Web 2.0 is generally used to refer to second-generation web tools in which everybody creates content for the web. If Web 1.0 was a person writing a web page and posting it, Web 2.0 is millions of people sharing information or thoughts via blogs, or wikis, or shared bookmarks, rather than having to learn HTML code. Increasingly, web pages are becoming "dashboards" that aggregate all kinds of stuff from disparate sources out there on the web. (Combining data - such as Google Earth imagery with census data in order to see population distribution on current maps - is a very Web 2.0 thing to do.)
So anything that's web 2.0-ish is easy to use, omnipresent on the web, and allows a lot of sharing.
Using blogs in your class can be an excellent way to promote student interaction with the material you provide them with. A public blog can be shared with the world, while Blackboard offers blog capability for courses that you teach. Click here for Blackboard Blog documentation, to learn more about blogs inside your Blackboard course.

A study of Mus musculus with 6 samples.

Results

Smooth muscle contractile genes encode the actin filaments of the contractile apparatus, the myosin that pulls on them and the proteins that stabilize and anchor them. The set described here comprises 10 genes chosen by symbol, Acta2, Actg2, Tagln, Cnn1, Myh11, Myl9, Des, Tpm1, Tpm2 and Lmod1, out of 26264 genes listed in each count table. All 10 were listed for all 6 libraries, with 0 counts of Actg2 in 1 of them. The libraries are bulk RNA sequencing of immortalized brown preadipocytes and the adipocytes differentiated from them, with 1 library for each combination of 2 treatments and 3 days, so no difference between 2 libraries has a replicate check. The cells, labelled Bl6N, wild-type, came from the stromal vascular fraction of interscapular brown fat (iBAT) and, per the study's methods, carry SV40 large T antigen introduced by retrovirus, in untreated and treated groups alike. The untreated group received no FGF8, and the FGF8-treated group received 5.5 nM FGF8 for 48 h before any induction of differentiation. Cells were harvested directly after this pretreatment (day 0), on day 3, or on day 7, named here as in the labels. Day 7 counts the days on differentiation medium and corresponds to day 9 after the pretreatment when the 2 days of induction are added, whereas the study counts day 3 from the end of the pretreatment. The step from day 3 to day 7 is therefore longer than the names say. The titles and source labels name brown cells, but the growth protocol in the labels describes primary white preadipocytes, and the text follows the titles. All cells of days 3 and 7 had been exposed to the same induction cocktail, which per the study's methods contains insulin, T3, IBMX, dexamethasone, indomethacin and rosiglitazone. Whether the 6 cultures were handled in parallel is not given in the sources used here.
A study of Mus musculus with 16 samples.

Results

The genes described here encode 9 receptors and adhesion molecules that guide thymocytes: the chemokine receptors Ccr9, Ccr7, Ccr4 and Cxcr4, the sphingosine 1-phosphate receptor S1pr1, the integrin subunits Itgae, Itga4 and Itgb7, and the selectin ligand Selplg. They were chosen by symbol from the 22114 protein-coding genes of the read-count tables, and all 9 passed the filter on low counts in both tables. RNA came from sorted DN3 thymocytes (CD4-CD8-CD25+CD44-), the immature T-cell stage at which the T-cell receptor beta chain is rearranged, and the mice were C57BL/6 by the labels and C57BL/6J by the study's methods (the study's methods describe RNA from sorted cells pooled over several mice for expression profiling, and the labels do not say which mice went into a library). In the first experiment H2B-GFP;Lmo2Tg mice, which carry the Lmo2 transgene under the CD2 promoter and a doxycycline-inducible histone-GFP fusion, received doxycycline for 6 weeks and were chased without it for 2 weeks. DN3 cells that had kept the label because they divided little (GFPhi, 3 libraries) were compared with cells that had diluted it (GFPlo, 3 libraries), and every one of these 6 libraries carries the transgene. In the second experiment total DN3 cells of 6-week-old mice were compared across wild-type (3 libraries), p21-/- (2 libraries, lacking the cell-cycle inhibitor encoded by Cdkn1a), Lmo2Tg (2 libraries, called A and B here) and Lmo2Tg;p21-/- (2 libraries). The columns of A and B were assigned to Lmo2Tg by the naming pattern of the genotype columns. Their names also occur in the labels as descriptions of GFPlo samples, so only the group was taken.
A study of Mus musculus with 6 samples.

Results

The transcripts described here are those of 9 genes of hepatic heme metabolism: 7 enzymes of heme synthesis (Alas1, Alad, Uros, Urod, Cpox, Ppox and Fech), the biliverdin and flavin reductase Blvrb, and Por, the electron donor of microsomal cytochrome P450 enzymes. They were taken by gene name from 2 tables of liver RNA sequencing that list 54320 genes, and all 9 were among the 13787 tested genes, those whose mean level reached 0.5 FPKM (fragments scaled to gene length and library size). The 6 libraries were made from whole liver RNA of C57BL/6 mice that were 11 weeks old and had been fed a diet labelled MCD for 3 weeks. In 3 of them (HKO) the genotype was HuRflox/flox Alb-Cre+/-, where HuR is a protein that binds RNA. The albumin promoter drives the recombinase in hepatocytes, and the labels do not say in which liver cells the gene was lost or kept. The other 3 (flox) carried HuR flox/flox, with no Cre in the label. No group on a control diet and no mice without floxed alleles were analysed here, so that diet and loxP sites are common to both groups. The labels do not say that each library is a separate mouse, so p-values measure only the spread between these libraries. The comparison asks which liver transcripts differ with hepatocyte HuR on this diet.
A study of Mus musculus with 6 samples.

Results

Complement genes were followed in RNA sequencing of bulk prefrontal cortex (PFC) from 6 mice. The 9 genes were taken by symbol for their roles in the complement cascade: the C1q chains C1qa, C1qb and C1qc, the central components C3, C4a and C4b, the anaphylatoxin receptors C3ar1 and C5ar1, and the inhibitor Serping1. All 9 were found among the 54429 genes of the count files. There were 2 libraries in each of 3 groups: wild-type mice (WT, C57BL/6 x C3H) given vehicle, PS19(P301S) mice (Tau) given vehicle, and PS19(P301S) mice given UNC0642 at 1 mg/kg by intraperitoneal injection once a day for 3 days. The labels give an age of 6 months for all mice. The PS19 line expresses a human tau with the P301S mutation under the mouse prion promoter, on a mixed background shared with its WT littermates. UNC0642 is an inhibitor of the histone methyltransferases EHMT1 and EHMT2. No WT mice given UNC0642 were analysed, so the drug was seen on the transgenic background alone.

Collaborate on a web site!
del.icio.us or delicious.com
Travel with your web bookmarks!
Collaborate in private on a document, spreadsheet, or presentation!
There are other ways to collaborate! Check out the collaboration page.
What does "tagging" mean anyway? Where will I find it? What do I do with it?
Listen to audio files, watch videos and slide shows of all sorts of educational material. Create your own recordings and have your students do the same!
Click here to read more about the options available to you.
Communicate using 140 characters or less!
Collect, organize, and cite your research.